NBAA Conferences Focus On Cybersecurity

Both NBAA conferences held in May, discussed cyber security, and other topics such as personnel security, regulatory compliance and developing a business aviation security plan.

NBAA Maintenance Conference was held in Albuquerque, NM, May 1-3, 2018. and NBAA’s Security Conference in Dallas, TX May 9-10, 2018.

NBAA’s Security Conference raised the level of best practices for business aviation security through scenario-based problem solving and content brought by experienced operators and security experts. Peer-to-peer learning and problem-solving was a key component of this interactive conference.

As threats and threat actors evolve, continued enhancement of business aviation security is a critical component to national security.

 

Defending against cyber intrusions

Defending against cyber intrusions is a key security concern for business aviation. Much sensitive information is transferred through satellite communication systems on business aircraft, and to protect that data the on-board systems should be configured to allow only certain portable devices operated by the passengers and crew to access the network, according to Keith Turpin, chief information security officer with Universal Weather & Aviation.

 


“The safest day in cyber security was yesterday,” said Rob Hill, business development director, global data solutions at Satcom Direct, during a presentation at the NBAA Maintenance Conference. While the threat of a cyber-attack is always present, proactive measures can mitigate the risk of a security breach.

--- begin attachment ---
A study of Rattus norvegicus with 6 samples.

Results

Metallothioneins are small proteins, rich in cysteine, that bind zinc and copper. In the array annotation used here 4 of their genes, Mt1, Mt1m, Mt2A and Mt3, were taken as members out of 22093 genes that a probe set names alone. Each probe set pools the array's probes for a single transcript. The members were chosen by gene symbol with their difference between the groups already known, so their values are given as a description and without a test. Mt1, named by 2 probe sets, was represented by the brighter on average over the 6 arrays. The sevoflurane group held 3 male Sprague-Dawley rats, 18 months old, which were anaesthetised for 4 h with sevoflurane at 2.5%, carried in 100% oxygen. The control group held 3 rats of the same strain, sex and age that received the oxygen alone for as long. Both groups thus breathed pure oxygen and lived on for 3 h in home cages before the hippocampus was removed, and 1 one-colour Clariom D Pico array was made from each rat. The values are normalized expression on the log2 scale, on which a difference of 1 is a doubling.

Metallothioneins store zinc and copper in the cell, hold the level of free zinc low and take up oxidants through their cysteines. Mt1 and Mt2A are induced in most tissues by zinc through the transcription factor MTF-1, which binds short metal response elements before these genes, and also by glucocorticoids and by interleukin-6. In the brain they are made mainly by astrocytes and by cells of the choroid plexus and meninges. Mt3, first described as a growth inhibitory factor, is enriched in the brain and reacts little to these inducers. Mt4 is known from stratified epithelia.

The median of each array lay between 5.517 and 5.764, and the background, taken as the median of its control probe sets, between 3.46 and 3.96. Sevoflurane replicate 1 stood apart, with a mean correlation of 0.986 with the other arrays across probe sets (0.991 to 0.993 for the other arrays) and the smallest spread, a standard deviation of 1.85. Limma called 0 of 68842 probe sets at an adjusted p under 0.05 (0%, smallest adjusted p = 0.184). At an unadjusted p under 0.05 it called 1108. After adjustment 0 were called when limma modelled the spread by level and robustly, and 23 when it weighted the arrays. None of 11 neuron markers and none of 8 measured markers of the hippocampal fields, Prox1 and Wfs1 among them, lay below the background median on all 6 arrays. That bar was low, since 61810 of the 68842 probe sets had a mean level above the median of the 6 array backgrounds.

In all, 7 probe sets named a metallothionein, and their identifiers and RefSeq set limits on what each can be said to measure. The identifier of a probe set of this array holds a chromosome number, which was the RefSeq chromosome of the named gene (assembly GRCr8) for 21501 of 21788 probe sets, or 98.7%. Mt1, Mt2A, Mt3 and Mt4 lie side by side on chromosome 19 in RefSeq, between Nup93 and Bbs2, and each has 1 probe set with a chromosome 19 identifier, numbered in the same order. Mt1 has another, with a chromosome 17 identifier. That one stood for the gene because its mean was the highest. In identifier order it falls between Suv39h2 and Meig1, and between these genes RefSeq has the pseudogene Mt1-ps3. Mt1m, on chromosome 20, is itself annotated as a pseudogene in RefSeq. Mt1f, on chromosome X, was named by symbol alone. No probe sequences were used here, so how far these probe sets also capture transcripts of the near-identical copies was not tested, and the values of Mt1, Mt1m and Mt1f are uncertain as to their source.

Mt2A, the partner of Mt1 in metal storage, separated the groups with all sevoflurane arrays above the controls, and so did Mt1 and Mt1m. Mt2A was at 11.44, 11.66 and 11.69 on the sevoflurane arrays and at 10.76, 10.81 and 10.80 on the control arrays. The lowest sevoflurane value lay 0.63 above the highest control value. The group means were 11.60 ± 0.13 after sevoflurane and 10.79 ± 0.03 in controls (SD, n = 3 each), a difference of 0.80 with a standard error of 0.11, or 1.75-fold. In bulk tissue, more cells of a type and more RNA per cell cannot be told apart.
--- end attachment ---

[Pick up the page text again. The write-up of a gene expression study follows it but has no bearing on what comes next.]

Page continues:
“The attacks on corporate data are much faster and stronger than even on our nationwide security,” said Hill. “They want the info that’s profitable, and that’s your passenger’s info.”

Flight departments are therefore in difficult position: cyber security isn’t their expertise, but they’re ultimately responsible for what happens aboard the aircraft. The responsibility lies with the aviation team to proactively find airborne cyber security solutions that are adequate with the company’s terrestrial standards.

In some countries’ airspace, airborne internet traffic is automatically routed to an in-country satellite earth station, allowing third parties to intercept the data.

“If you’re flying in airspace that’s hostile toward us, that info goes down to them,” Hill advised. “If you’re transferring outside of a VPN, they have all that data open to see.”

 

Is encryption software the solution?

The solution could be to always use encryption software, and to utilize predictive flight mapping technology that sends an automatic alert when entering questionable airspace, at which point operators can temporarily terminate their internet connection.

Private networks are the ultimate in protection: encrypted data traveling straight from the aircraft back to corporate headquarters without ever touching the public internet. Additionally, they eliminate the need for passengers to use a VPN – reducing the risk for human error and offering cost-benefit advantages with regard to reduced data cost.

Hill said that it takes the pressure off operators.  “That gives your IT department control over all cyber security and everything that people on-board that aircraft are allowed to do.”